Many people hold beliefs about juveniles who commit sexual offenses that are not borne out by current research and practice. Although one-third of sexual offenses against children are committed by juveniles, the majority of those juvenile offenders do not go on to commit sex offenses as adults.
Juvenile sex offenders are different from adult offenders. Most have fewer victims than adults; they do not meet the criteria for pedophilia; they are more responsive to treatment than adults; and they often can be treated in shorter, less intensive programs than adults. Most can live safely in the community without continued offending during treatment.
The brains of juveniles are not fully developed and they engage in risky, unwise or inappropriate behaviors more than is true for adults. Children who molest other children do not necessarily have a sustained interest in having sex with children. Their offenses are often opportunistic and reflect misguided and inappropriate efforts to seek sexual gratification, which is part of the sexual experimentation that is common during childhood and adolescence. Their underlying motivations and drives are not necessarily based in deeply seated sexual dysfunction.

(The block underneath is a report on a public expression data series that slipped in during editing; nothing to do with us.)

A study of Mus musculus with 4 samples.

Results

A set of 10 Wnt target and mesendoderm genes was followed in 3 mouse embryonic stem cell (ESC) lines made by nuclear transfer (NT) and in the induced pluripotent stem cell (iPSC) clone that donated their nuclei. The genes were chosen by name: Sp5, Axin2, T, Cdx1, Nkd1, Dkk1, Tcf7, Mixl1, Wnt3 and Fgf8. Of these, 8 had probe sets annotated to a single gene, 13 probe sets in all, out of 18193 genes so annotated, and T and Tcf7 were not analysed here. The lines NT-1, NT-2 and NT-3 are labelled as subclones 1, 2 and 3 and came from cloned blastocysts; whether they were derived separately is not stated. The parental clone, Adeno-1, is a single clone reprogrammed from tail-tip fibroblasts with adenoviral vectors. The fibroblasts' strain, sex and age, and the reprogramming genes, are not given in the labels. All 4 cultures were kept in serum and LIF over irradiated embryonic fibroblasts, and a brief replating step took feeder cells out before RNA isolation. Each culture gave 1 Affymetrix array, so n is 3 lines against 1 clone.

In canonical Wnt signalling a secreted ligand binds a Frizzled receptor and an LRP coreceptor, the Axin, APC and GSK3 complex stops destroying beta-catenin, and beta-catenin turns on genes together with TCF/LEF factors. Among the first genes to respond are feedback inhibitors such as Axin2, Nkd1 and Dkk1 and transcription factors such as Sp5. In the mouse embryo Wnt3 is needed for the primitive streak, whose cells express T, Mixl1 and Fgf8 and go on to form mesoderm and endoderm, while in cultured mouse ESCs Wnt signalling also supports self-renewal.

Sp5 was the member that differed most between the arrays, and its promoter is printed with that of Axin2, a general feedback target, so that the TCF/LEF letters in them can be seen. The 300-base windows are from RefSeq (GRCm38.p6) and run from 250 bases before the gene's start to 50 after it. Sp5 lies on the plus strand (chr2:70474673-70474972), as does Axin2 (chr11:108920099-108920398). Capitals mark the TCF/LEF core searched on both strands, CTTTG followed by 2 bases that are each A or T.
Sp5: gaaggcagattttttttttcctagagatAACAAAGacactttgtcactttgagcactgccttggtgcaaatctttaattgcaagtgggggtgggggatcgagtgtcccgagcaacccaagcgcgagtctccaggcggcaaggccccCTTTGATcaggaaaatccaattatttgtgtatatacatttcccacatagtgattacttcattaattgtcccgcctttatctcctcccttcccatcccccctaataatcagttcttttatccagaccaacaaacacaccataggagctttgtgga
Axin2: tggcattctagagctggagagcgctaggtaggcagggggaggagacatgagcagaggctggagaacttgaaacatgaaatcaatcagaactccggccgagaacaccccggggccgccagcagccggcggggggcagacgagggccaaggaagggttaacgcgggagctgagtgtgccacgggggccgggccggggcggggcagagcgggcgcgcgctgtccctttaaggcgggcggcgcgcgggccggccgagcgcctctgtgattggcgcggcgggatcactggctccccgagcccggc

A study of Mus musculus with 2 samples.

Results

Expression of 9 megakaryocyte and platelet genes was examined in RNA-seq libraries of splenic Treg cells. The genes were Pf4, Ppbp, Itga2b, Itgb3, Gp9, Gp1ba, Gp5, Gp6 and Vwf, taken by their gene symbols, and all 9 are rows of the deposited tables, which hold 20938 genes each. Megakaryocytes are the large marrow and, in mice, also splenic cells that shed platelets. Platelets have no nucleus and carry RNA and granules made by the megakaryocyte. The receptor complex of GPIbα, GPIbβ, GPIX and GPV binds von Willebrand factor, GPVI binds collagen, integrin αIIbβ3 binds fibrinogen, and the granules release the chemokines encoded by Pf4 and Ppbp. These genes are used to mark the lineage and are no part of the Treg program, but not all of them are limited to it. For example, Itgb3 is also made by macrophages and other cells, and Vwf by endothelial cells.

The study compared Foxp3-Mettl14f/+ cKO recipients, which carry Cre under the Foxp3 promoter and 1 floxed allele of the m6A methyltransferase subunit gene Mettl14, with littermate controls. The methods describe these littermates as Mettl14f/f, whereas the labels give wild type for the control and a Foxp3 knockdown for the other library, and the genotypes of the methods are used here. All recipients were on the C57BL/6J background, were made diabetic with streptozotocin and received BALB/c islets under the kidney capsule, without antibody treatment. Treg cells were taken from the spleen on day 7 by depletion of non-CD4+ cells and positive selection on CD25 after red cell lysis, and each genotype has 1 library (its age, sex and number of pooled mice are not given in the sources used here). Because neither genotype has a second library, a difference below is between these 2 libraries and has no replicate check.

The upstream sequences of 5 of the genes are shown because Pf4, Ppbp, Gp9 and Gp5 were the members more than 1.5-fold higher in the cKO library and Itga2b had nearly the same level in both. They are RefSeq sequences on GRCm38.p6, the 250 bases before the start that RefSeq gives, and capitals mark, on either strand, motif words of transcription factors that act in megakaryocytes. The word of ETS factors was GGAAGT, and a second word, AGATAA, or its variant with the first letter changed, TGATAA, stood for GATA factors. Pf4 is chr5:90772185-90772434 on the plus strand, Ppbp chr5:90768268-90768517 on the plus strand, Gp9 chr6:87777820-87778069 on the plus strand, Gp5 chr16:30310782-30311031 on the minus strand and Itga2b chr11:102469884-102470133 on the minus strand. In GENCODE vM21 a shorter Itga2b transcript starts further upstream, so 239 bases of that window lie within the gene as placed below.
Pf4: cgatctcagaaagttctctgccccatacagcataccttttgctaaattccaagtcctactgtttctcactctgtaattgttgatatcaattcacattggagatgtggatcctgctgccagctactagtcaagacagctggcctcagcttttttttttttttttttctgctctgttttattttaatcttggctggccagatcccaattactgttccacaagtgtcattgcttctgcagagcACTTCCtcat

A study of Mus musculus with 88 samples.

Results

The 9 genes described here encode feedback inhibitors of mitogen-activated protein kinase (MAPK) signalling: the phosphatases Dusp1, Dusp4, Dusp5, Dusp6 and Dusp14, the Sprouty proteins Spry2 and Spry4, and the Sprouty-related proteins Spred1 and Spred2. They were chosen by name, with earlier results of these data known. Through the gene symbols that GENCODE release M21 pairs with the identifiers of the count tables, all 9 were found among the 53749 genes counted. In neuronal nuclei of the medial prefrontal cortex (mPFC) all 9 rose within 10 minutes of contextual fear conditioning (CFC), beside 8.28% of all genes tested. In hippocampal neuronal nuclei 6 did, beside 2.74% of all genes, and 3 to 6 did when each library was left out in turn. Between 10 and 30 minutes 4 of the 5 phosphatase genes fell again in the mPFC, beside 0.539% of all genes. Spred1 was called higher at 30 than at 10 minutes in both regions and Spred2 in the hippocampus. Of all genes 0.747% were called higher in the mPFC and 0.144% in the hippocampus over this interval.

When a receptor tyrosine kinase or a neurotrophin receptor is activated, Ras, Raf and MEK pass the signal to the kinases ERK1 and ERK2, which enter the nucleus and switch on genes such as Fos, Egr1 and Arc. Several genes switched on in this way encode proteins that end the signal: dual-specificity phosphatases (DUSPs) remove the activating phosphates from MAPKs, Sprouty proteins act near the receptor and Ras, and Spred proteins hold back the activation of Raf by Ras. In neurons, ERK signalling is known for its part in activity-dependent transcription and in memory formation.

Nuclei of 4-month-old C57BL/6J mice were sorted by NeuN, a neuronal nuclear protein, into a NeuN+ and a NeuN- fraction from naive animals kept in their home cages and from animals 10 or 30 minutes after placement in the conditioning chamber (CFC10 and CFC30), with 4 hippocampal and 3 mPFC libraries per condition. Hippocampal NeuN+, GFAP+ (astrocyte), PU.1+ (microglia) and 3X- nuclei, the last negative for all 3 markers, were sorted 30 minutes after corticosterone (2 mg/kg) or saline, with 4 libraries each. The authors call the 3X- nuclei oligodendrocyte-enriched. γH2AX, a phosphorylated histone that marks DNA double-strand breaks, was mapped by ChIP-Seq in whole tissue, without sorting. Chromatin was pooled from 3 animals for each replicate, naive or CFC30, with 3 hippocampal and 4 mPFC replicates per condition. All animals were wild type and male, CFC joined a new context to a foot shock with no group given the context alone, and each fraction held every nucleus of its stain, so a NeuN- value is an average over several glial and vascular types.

Youth who do commit sexual offenses are less likely than other types of delinquents to commit future offenses. Recidivism for juvenile male sex offenders is lower (10%) than that of adult sex offenders (15%). Recidivism among female juveniles who commit sexual offenses is even lower (3%). The risk of recidivism is significantly reduced through the use of effective treatments.